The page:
Would you buy a dog toy from these guys? Pet owners and companies say yes
Axl the goldendoodle didn’t even need to see the prototype dog toy developed by three South Bay students — he could smell it in the backpack one of the teens brought home.
“Axl literally opened his bag and just stole it,” said Arin Jain, 18, who invented TuffToy dog toys with his 17-year-old high school classmates and longtime friends Rohan Gorti and Zubin Khera.
The goldendoodle’s high interest in the toy — a brightly colored fabric “skin” over a scented rubber ball — has now been matched by dog owners: The Harker School seniors have sold more than 2,000 units since June, and this month got their products into Bay Area pet boutiques. On Monday, they secured a $17,000 deal with a Silicon Valley software company for TuffToys embroidered with the firm’s logo.
TuffToy started in 2021 in an entrepreneurship class at Harker, a private K-12 institution in San Jose, when Jain, of Saratoga, Gorti of the Silver Creek neighborhood of San Jose, and Khera of Campbell, were juniors instructed to identify a problem and invent a solution.
Their thoughts turned to dogs. Khera had Axl, Jain also had a goldendoodle, named Cosmo, and Gorti had grown up with a Labrador retriever named Dash that had recently died. Maybe the world needed a better dog toy?
“We interviewed our friends, our neighbors, people at dog parks, just anyone we could find with a dog, and we asked them, ‘What are common issues you have with your dog toys?’” Jain said.
A particular type of complaint stood out, and the students had found their problem.
“The current (dog) toys on the market, they’re very expensive and they break really easily, so you’re stuck in this cycle of buying a dog toy, waiting for your dog to rip it in a day, and buying another,” Jain said.
Each TuffToy consists of two parts — a scented rubber ball and a plush skin — and are intended to be very durable. (Dai Sugano/Bay Area News Group)
Gorti learned to use a sewing machine and they created low-budget initial prototypes — the “minimum viable product” in Silicon Valley startup lingo — using rubber balls and puppets bought online. They went out to dog owners again, for feedback, to refine their toy.
The students learned that noise-makers inside dog toys, especially in the work-from-home age, are far from universally popular. “We were thinking of putting a squawker inside, but a lot of owners, when they hear that thing going off, it’s just annoying,” Jain said. They landed on scent as a tool for canine engagement.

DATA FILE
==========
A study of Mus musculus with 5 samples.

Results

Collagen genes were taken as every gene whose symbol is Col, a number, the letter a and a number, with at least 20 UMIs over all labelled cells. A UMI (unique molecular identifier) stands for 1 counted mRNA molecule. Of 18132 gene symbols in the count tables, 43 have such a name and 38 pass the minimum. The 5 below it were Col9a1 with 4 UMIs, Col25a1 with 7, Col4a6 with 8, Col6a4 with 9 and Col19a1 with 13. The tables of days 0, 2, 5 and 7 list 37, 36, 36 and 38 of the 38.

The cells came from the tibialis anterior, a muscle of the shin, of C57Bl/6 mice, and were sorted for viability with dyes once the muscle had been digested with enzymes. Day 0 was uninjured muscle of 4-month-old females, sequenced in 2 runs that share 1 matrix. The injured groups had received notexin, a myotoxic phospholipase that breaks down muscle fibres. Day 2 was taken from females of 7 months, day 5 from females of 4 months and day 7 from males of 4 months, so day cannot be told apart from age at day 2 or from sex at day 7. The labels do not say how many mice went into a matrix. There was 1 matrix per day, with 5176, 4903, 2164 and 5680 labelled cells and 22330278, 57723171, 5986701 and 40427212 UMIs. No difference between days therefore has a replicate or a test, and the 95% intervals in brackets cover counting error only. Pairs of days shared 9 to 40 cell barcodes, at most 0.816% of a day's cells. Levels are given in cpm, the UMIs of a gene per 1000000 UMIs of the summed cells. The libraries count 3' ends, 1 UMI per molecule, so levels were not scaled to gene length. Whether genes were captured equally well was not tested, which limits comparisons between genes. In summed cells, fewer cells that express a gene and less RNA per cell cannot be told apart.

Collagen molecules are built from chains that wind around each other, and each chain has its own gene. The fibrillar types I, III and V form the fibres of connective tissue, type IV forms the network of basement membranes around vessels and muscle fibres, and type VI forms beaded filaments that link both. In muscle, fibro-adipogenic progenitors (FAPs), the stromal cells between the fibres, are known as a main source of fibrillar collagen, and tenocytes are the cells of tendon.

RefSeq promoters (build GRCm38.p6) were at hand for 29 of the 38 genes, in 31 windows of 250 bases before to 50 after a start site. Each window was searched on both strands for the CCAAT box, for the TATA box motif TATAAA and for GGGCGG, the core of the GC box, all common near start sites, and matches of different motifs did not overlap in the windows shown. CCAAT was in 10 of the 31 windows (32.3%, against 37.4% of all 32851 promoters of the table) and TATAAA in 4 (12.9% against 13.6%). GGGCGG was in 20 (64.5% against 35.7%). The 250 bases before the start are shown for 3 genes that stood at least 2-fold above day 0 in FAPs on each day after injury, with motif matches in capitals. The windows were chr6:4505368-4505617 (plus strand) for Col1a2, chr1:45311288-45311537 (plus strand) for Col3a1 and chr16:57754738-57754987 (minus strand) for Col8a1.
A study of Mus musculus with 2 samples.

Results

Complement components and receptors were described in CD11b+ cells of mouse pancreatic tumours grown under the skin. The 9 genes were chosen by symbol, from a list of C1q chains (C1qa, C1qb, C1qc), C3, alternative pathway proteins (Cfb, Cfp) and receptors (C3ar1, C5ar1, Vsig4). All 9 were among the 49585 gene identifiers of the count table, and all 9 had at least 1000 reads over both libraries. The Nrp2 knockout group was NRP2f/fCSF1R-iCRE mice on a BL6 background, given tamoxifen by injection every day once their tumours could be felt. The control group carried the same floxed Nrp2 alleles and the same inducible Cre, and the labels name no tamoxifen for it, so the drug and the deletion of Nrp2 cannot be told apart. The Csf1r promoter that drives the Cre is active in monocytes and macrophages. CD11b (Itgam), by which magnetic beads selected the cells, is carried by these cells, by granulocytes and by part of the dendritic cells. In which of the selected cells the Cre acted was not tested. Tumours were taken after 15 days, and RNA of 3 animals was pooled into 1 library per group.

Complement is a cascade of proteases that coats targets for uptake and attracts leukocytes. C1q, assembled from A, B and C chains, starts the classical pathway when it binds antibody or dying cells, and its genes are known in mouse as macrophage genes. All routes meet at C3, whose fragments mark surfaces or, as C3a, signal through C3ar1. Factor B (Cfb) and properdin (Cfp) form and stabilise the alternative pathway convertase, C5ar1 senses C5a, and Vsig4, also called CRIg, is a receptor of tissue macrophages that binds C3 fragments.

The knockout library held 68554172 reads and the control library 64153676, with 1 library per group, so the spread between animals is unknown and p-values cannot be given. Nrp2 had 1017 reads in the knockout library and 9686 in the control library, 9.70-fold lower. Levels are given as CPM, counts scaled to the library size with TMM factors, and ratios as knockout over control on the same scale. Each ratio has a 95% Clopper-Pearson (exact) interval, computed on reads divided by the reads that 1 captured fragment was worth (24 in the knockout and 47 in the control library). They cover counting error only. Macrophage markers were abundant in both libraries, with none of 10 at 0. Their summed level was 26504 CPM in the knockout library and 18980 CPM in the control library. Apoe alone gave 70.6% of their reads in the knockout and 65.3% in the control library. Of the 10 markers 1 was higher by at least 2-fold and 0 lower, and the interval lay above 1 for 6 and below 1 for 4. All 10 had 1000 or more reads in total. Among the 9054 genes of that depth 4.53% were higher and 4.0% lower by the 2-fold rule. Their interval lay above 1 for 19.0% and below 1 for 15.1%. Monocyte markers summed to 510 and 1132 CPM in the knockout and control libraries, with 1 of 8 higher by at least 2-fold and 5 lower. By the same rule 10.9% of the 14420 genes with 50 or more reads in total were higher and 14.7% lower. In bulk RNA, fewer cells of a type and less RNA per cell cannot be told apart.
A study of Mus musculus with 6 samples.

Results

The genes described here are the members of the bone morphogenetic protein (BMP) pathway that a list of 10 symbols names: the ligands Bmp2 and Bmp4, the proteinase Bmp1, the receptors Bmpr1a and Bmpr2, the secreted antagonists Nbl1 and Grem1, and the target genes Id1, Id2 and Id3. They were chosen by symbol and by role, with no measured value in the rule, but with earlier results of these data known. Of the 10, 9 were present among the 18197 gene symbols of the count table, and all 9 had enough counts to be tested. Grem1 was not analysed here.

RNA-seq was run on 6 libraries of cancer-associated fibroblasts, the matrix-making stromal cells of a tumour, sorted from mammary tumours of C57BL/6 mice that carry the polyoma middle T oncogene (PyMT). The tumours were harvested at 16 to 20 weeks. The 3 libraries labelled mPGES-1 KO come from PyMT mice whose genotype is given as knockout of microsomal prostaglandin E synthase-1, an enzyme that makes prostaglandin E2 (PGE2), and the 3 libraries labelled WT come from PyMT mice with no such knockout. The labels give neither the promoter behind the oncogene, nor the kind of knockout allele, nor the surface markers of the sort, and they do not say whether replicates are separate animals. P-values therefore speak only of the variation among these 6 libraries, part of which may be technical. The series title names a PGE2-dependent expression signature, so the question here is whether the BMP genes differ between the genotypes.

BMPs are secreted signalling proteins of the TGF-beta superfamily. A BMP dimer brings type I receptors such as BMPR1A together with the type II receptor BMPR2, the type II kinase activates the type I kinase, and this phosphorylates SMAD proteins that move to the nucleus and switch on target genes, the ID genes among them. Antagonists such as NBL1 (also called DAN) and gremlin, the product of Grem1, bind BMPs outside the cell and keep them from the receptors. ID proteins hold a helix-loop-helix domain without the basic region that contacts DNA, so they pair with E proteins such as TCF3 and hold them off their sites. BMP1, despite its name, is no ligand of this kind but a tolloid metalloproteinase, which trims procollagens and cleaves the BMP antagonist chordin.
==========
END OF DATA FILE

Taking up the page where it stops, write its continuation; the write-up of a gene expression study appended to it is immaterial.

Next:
Cosmo the goldendoodle relaxes with a couple ‘Monster Mash’ dog toys from TuffToy (photo courtesy of Arin Jain)
Axl the goldendoodle, after sniffing out the toy and snatching it from Khera’s backpack, started playing with it instantly, running around the house with it,” Jain said. Cosmo loved it, too. But did the product solve the problem?
“We tested the toys’ durability by giving them right to the user: dogs,” Jain said. “We went out to local dog parks and had dogs of different breeds, sizes, and ages interact with a TuffToy. The dogs could not tear through the toy.”
The students ordered 300 units from a manufacturer they had found in China, received the toys last May, then launched their online shop in June and sold 45 toys in the first two days, boxing them up at Jain’s dining-room table. Business went so well the clerk at the local post office soon knew Jain by sight.
In July, the students, who have known each other since kindergarten, beat out software-focused student-inventors for the $20,000 first prize in a national business-pitch competition in Chicago.
Since receiving some seed money from Harker, where tuition at the high school level costs north of $60,000, to get their product off the ground, the young business partners have invested about $7,000 of their prize proceeds in growing TuffToy, expanding their offerings to include embroidered brand names and logos for corporate sales. Products so far include the inner rubber balls in scents of peanut butter, beef and vanilla, and fuzzy outer skins decorated in sports, “Monster Mash” and “Happy Howl-idays” designs. Customers can buy balls and skins together or separately.
In September at what’s billed as the nation’s largest dog festival, Bark in the Park in downtown San Jose, the trio set up a booth and sold more than 100 units. “It helped us understand how to sell to people,” Jain said, adding that they plan to peddle their wares April 27 at DogFest in San Francisco.
Revenue has hit $24,000, from sales of more than 1,000 units to consumers, mostly online, and about 1,250 units to corporate customers including 500 to Harker for sale in the campus store, Jain said. This week’s tech-firm deal, for 1,500 toys, each with a ball and two custom-designed skins, will add a big revenue boost. Jain said he could not disclose the company’s name.
Earlier this month, Waggin Tails Pet Supplies, with shops in Los Altos and Union City, began carrying TuffToys.
The students’ business and entrepreneurship teacher at Harker, Michael Acheatel, said his pupils hit on a winning idea, but would probably succeed at any enterprise. “They have all the traits of all the successful entrepreneurs,” Acheatel said. “They’re resilient — any time they see a road block or a hurdle … they just get right into the problem-solving mode. They just have a crazy work ethic, very, very diligent. They see opportunity and they seize it.”